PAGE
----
When System.gc() or Runtime.getRuntime().gc() method calls are invoked it causes stop-the-world Full GCs. During stop-the-world full GCs, entire JVM will freeze (i.e. user activities will be performed during the period). Typically these GCs take long duration to complete as well. Thus it may impact your SLAs, and it may result in poor user experiences. In this article, let’s see how to address this problem.

Who invokes System.gc()?

System.gc() calls can be invoked from following sources:

  1. Your own application developers might be explicitly calling System.gc() method.
  2. It could be 3rd party libraries, frameworks, sometimes even application servers that you use could be invoking System.gc() method.
  3. It could be triggered from external tools (like VisualVM) through use of JMX
  4. If your application is using RMI, then RMI invokes System.gc() on a periodic interval.

How to detect whether System.gc() calls invoked?

As you can notice, System.gc() calls can be made from multiple sources and not just from your application source code. You cannot grep code to figure out whether System.gc() calls are invoked or not. Thus it poses a hard challenge: How to detect whether System.gc() calls are invoked in your application stack?

gccauses
Fig: GC Causes reported by the tool GCEasy.io

It’s a best practice to enable your GC log in all production instances. It adds negligible/unnoticeable overhead. Now upload your GC log to the Universal Garbage Collection log analyzer tool GCEasy. This tool has a section called ‘GC Causes.’  If GC activity is triggered because of ‘System.gc()’ calls then it will be reported in this section. See the image, (which is an excerpt from the GCEasy generated report), showing that System.gc() was made 4 times during the lifetime of this application.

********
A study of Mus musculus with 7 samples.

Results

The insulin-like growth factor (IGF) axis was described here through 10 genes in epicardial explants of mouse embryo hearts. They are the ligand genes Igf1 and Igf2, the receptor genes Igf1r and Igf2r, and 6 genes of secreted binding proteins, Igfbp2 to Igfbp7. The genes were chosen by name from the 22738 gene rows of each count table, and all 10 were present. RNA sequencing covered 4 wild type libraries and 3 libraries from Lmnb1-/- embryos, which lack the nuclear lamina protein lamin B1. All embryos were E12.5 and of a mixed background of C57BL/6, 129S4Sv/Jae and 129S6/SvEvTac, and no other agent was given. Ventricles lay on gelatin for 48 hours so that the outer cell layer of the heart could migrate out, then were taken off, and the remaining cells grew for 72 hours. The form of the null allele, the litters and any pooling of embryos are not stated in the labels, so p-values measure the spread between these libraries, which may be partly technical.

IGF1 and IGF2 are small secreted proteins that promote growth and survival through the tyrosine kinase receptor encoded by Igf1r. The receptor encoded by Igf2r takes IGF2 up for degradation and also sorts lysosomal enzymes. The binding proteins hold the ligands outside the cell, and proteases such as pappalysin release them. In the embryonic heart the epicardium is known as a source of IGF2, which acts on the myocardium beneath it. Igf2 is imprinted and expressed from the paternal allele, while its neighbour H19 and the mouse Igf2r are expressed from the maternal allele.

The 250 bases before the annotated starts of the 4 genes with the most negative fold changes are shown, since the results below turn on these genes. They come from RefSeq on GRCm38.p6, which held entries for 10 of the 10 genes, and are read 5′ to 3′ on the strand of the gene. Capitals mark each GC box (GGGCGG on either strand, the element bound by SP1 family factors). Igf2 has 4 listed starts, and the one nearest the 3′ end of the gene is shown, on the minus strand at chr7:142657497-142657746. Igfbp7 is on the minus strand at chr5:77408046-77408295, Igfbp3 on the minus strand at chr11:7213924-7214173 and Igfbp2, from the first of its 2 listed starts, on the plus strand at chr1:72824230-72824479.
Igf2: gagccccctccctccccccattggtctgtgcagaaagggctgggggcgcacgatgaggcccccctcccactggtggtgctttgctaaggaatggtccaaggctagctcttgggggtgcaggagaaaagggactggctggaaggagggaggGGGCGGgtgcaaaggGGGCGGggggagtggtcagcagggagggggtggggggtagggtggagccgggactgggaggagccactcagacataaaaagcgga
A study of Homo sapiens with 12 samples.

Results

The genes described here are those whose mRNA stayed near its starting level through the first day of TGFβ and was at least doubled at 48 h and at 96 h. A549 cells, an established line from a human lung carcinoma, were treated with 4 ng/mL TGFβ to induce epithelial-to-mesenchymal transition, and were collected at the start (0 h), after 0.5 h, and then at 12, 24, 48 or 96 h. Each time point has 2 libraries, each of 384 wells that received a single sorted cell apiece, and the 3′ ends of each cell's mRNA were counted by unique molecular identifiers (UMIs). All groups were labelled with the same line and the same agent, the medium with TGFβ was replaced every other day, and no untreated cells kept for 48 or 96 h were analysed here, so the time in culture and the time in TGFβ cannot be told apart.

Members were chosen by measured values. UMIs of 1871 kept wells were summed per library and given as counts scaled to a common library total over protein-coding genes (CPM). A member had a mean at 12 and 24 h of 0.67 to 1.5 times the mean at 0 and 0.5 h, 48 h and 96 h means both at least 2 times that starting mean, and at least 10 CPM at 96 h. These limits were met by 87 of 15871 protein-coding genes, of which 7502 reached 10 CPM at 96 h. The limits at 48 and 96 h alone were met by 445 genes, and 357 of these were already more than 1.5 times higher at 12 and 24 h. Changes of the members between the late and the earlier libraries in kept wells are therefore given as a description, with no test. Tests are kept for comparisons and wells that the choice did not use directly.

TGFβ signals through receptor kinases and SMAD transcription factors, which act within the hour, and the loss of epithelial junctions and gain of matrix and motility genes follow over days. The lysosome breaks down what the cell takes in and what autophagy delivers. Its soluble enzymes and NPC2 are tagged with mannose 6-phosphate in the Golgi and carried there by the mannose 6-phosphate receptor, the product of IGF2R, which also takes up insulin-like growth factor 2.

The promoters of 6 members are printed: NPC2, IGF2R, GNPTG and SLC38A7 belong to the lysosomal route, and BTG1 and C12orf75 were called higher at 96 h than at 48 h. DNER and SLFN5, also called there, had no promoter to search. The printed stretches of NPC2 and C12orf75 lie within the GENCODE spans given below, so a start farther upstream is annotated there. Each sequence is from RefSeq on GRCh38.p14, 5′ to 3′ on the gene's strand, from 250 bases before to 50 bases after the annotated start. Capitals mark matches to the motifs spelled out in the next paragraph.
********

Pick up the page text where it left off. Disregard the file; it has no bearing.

Solutions to address explicit System.gc() calls

You can address explicit System.gc() call through one of the proposed solutions.

a. -XX:+DisableExplicitGC

You can forcefully disable the System.gc() calls by passing the JVM argument: ‘-XX:+DisableExplicitGC‘. But before using this option, try to understand the reason why first in place this call was made by your application developer or 3rd party framework. Maybe if it’s not for a valid reason, then pass the ‘-XX:+DisableExplicitGC‘ JVM argument.

b. RMI

If your application is using RMI, then you can control the frequency in which System.gc() calls are made. This frequency can be configured using the following system properties:

-Dsun.rmi.dgc.server.gcInterval=n
-Dsun.rmi.dgc.client.gcInterval=n

The default value for these properties in

  • JDK 1.4.2 and 5.0 is 60000 milliseconds (i.e. 60 seconds)
  • JDK 6 and later release is 3600000 milliseconds (i.e. 60 minutes)

You might want to set these properties to a very high value so that it can minimize the impact.